The Austin Corbin II Mansion is a property located in the Cliff neighborhood on the lower south hill at 815 West 7th Avenue in Spokane, Washington. It is situated on a parcel of land originally included in the Pacific Northwest Territory claimed by Spain, Russia, Great Britain and the United States by virtue of exploration.
Following the War of 1812 joint ownership was granted to governments of Great Britain and the United States by the Treaty of Ghent and the Convention of 1818. Joint ownership continued until 1816 when boundary disputes were settled by the Treaty of Washington giving the United States sole possession. Territorial status was granted to Oregon Country in 1818. In 1853 Washington was organized as a separate territory and was admitted into the Union on November 11, 1889. This parcel was included with alternate sections of land conveyed to the Northern Pacific Railroad by an Act of Congress passed July 2, 1864 granting lands for the construction of telegraph lines and railroads.
Designed in 1898 by famed architect Kirtland K. Cutter, this 3-story colonial revival style mansion was built by H.J. Skinner at a cost of $65,000. Originally, the home site was 7 acres and the 12,170 Sf residence contained 17 rooms. Its most prominent central feature is a monumental front entry portico in the Greek Classical Ionic Order. That same year, Daniel Chase Corbin, Austin's father, built a nearby mansion on 7th Avenue to the East also designed by Kirtland Cutter on multi-acre landscaped grounds. Austin & Katherine's home was famous for lavish parties during the late 1800s and early 1900s. Much history was made between the Corbin and Cutter families during this era.
Austin Corbin II was born September 24, 1863 in Denver, Colorado. He, along with his father, traveled in a covered wagon to Helena, Montana, and in 1880, Austin arrived in Spokane with his father Daniel Chase Corbin one of the great railway empire builders of the Pioneer Era. On May 2, 1894, Austin Corbin II married Katherine J. Benham in Chicago, Illinois. She came to Spokane with her parents Capt. & Mrs. Luscious G. Benham in 1889. They were the co-founders of the Benham & Griffith Wholesale Grocery House.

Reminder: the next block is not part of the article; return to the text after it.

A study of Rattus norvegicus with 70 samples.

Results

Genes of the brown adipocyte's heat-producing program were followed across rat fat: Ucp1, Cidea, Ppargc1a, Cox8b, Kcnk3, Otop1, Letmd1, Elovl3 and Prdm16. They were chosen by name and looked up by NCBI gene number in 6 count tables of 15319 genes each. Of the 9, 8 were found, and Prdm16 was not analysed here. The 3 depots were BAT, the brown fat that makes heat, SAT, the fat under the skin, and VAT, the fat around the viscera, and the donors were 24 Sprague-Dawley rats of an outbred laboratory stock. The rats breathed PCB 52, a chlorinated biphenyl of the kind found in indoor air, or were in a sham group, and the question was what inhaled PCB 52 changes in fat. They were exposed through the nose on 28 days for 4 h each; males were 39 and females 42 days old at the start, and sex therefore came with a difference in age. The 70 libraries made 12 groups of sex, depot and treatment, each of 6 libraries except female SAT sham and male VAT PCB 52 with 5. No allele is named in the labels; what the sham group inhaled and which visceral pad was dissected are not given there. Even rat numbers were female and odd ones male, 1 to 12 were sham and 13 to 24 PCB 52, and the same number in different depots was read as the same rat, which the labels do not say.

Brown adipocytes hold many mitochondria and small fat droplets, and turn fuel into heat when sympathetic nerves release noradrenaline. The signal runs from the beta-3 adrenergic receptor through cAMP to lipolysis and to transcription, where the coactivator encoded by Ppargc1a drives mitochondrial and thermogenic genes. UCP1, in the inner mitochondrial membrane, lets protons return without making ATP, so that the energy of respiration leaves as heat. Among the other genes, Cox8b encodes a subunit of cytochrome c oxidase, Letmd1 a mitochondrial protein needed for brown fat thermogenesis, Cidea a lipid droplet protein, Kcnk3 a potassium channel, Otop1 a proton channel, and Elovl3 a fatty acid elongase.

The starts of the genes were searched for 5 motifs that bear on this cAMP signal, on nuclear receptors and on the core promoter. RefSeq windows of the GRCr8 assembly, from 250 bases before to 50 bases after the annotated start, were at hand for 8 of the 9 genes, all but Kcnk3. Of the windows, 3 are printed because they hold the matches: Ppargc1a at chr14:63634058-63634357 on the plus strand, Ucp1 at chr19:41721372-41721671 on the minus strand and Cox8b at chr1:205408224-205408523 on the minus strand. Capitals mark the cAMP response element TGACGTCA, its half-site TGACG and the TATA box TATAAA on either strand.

In 1929, Marycliff Catholic Girls School opened on the Gordon Family Estate to the East of the Austin Corbin Mansion thanks to Raphaelita Gordon, a prominent figure in the social and civil affairs of Spokane at the time. Gordon donated her land and home to Spokane Catholic Bishop Charles White for the creation of a Catholic high school for girls. The Catholic Fanciscan sisters operated the school and not only taught the girls science, social studies and other subjects, they also showed them how to sew, how to pray, how to strive to remain pure in body, mind and spirit. As a result, Marycliff drew girls from all walks of life and from various parts of the city. Thousands of girls leanred from the nuns and eventually from lay teachers. The graduating class consisted of 46 women who received their deoplomas in 1933.
Girls who attended Marycliff tended to come from working-class families who couldn't afford the tuition at Holy Names Academy. Tuition at Marycliff, which was about $50 a year in 1955, was subsidized by contributions from the parishes of the Roman Catholic Diocese of Spokane. On January 3, 1945, Austin Corbin died at the age of 81. Later that year, on August 24, the Corbin Home was donated by Mrs. Corbin to the Franciscan Nuns, thus becoming part of Marycliff High School.
The Corbin Mansion served as a convent for Franciscan Sisters with the home's big drawing room used as a chapel until the school's closure. Marycliff Catholic Girls School educated thousands of Spokane women students and after 50 years, Bishop Lawrence Welsh closed the doors in 1979, citing declining enrollment. On June 29, 1984, the Catholic Bishop of Spokane conveyed the entire Marycliff site to Marycliff Associates for development into its present use. Today the 12,174 Sf Austin Corbin II Residence sits on approximately 1 acre of land established by short plat in the Marycliff Historic District. The mansion is registered with the U.S. Department of Interior and is listed on the National Register of Historic Places.